Can a Financial Advisor Recommend Outside Investments That are Not Offered Through His or Her Employing Brokerage Firm?
The Financial Industry Regulatory Authority (FINRA) strictly prohibits financial advisors from selling securities and investments to clients that are not offered by the brokerage firm with which they are employed. For example, it is illegal and a violation of industry rules for a financial advisor to recommend or even suggest that a client invest in the financial advisor’s own business or a business operated by his or her friends or family. It is not necessary that the financial advisor earn any compensation for recommending an outside investment.
The purpose behind this prohibition is to ensure that a financial advisor only offers to sell securities that have been vetted by his or her employer brokerage firm through a rigorous due diligence process. Most brokerage firms have an approved list of investments, products, and research that can be provided or made available to clients. Any deviation by the financial advisor from the approved product list may constitute selling away.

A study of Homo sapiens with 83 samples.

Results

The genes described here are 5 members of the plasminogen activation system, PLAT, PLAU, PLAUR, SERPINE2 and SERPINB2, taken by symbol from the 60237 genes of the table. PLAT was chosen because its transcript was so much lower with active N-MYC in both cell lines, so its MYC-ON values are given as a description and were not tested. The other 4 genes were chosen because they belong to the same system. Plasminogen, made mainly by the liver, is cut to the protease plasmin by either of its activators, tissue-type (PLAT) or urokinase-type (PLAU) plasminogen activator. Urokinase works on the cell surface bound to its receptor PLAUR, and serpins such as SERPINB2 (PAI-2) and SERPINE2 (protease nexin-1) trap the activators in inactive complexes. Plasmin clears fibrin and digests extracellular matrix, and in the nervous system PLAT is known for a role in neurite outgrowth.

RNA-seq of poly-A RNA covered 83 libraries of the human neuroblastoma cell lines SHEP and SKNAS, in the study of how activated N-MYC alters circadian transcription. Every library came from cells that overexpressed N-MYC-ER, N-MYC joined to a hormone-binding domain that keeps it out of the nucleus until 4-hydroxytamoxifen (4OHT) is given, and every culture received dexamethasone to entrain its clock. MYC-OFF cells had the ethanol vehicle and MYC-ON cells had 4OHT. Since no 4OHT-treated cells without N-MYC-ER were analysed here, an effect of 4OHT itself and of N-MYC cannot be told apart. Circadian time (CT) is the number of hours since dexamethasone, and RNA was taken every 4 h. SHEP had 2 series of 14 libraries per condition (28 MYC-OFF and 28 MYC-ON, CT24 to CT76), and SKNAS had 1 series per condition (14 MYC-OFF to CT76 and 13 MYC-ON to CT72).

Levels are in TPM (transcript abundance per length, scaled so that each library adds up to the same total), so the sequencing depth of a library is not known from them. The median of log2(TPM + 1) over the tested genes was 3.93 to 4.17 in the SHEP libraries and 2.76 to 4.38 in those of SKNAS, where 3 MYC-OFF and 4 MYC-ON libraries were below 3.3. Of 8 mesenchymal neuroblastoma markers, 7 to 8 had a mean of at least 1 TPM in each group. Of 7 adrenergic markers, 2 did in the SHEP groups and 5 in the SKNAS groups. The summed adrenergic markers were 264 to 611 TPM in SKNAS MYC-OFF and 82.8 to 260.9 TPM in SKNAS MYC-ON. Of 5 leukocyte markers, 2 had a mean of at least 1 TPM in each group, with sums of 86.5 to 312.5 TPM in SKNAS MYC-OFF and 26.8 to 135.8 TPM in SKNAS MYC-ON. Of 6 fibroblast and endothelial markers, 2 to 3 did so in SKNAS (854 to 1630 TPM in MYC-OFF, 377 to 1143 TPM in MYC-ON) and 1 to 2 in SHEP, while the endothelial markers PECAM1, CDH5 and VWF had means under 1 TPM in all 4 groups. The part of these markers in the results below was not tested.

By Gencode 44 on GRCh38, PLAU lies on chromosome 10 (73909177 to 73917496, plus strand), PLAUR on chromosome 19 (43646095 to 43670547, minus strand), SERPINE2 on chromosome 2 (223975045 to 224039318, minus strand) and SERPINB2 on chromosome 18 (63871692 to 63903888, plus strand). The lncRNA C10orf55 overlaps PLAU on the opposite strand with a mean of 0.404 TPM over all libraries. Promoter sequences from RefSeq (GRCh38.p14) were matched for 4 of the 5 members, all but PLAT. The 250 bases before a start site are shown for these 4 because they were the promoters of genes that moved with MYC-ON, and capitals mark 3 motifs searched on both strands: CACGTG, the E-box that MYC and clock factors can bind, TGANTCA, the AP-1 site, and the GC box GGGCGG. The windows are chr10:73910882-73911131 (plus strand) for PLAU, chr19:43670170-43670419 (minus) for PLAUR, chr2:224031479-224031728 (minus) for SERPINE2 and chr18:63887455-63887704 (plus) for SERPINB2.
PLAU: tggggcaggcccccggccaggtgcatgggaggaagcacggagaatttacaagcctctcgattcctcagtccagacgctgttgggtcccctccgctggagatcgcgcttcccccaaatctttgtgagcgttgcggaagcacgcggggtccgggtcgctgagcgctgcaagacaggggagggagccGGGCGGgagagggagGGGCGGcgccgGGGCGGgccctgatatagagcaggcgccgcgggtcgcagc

How Do I Know if My Financial Advisor is Selling Away?
If you have concerns that a financial advisor has recommended a private securities transaction, you should first carefully review your account statements and trade confirmations. In most instances, every investment you have purchased through a brokerage firm will be reflected on your account statements. If you have not received any account documentation from your brokerage evidencing the purchase, sale or market value of the investment in question, it is possible that your financial advisor has engaged in selling away.
Has Your Financial Advisor Recommended Private Investments?
The Wolper Law Firm has extensive experience handling matters involving private securities transactions and selling away. If you believe that your financial advisor has engaged in such conduct, please contact the Wolper Law Firm for a free consultation and case evaluation.